Criminal Law - Felony and Misdemeanor
Criminal law is defined as “a body of rules and statutes that defines conduct prohibited by the government because it threatens and harms public safety and welfare, and that establishes punishment to be imposed for the commission of such acts.” Crimes typically fall into two categories misdemeanors and felonies; the classification of each is based on the circumstances surrounding the criminal activity and the resulting punishment that may be imposed. The maximum punishment for the crime committed is ultimately how misdemeanors are differentiated from felonies. For a clearer explanation let’s look at each type of crime separately.
A misdemeanor is a criminal act that may be punished for no more than a one year prison sentence. In most cases a misdemeanor results in a fine. These crimes are typically considered to be less significant, or less severe criminal acts than felonies. Misdemeanors cover crimes against everything from personal property to serious traffic violations. Some of the most common misdemeanors include, but are in no way limited to, reckless driving, manslaughter, theft, vandalism, assault, battery, kidnapping, public intoxication, and possession of illegal drugs, just to name a few.
A felony is a more serious offense. Felonies may be classified as non-violent or violent depending upon the act committed and the circumstances surrounding it. Non-violent felonies typically include activities concerning drugs or property, for example intent to distribute illegal drugs or vandalism of federal property. Non-violent felonies may also include white collar crimes such as fraud, embezzlement, and tax evasion.
On the other hand, violent felonies are classified as offenses that include elements or acts of threat or unwarranted force against another individual. These types of felonies include acts of aggregated and sexual assault, rape, murder or attempted murder, and armed robbery. . All felonies are crimes that result in a minimal punishment of imprisonment exceeding one year. In a serious felony case the crime may warrant a severe punishment such as life in prison or for particularly heinous crimes and circumstances, a sentence to be executed may be issued.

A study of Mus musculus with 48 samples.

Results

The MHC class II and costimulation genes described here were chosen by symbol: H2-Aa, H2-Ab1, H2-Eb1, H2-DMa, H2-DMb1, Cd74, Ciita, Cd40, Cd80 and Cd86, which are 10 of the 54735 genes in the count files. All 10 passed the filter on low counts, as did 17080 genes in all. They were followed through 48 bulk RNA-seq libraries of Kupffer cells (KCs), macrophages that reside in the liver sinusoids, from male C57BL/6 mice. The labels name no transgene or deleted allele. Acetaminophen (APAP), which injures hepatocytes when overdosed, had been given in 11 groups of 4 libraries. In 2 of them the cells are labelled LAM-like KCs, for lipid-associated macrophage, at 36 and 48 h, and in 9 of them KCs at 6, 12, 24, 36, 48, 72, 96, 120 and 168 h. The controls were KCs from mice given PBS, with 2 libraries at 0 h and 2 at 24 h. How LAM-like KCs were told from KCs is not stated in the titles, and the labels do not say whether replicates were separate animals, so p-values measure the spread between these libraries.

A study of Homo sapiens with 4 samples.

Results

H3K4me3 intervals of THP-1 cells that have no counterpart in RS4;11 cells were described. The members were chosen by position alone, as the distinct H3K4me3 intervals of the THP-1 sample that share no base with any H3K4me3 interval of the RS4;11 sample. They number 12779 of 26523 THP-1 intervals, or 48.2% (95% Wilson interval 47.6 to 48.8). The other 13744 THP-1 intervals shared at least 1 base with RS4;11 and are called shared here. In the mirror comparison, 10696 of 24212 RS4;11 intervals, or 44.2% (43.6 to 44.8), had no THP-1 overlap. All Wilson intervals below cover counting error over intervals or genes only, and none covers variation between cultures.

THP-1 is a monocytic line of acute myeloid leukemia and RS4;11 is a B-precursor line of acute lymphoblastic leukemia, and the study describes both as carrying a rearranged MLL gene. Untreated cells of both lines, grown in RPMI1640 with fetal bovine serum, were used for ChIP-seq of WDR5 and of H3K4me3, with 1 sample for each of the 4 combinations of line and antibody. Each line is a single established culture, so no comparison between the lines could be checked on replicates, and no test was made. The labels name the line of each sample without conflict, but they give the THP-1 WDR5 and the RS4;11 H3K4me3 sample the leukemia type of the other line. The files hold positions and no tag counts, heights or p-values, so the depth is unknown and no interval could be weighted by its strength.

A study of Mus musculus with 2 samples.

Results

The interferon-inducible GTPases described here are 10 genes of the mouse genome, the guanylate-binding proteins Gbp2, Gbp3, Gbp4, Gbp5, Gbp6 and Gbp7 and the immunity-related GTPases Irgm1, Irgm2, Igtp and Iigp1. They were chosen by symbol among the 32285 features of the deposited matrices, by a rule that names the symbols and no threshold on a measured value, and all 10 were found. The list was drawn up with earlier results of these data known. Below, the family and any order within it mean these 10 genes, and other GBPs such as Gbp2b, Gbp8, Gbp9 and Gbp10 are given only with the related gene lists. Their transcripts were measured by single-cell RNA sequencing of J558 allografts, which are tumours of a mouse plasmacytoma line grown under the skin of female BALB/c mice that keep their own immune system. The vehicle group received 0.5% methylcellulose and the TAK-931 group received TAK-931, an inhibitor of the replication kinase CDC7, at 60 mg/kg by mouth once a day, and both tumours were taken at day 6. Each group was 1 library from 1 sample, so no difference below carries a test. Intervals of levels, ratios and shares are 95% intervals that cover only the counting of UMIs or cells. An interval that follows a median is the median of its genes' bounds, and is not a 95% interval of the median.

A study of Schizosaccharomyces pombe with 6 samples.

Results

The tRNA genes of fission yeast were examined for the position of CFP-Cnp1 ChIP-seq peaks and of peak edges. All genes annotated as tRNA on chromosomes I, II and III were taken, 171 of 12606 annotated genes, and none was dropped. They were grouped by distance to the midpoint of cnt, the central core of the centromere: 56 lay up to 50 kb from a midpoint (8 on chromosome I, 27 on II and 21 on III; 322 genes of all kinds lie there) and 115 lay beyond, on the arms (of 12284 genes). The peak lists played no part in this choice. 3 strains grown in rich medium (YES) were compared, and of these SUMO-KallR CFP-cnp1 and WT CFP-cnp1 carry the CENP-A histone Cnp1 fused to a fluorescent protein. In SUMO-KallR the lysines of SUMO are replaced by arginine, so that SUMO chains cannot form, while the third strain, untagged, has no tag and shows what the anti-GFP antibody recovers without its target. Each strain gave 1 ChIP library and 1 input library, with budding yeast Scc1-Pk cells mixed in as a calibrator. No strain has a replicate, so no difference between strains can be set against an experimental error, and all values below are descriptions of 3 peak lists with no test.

The Death Penalty:
The most serious punishment for felonies is capital punishment or the death penalty. This has been a controversial issue for years in the United States and continues to be a prevalent topic in our government to this day. While not all states sanction the death penalty, 34, including North Carolina, do. According to the Death Penalty Information Center (DPIC) in Washington D.C., sentencing for the death penalty has been declining drastically since the 1990s. However, it is still a present threat to violent offenders.
Studies have shown that the death penalty is the most prevalent in the South, with over 1000 prisoners being executed since 1976. This accounts for about 80% of all executions in the U.S. However, this does coincide with the highest number of murders being committed in the Southern states. . The two states having executed the most prisoners are Texas and Virginia, accounting for over half of the executions in the South. The states in the northeast have the lowest number of execution rates, accounting for less than 1% of the executions in the United States.
According to data gathered by the DPIC, most convicts, over half of all executed have been white males, followed closely by blacks then Hispanics. A majority, over 70%, of the victims whose cases resulted in the death penalty were white as well. Interestingly, female prisoners on death row are few and far between. Only 60 women in the United States were on death row as of January 2011, accounting for less than 2% of the death row population. To this day, only 12 women have actually been executed since the 1970s.
The most common method of execution is by lethal injection, followed by electrocution, and the gas chamber. Today, most states have moved to lethal injection as the sole or primary method of execution. Check out your state’s death penalty history and laws as well as current data and statistics.
The death penalty is an expensive endeavor, in most states with the death penalty, it costs a minimum of a million dollars over the cost of life imprisonment to execute a prisoner. In North Carolina alone the cost of the death penalty is approximately $2.16 million over the cost of life in prison for each individual executed. The most astounding numbers come from California where executions cost approximately 114 million per year past the cost of the convict’s lives in prison. Over 250 million dollars of taxpayer’s money has gone to executions in the United States.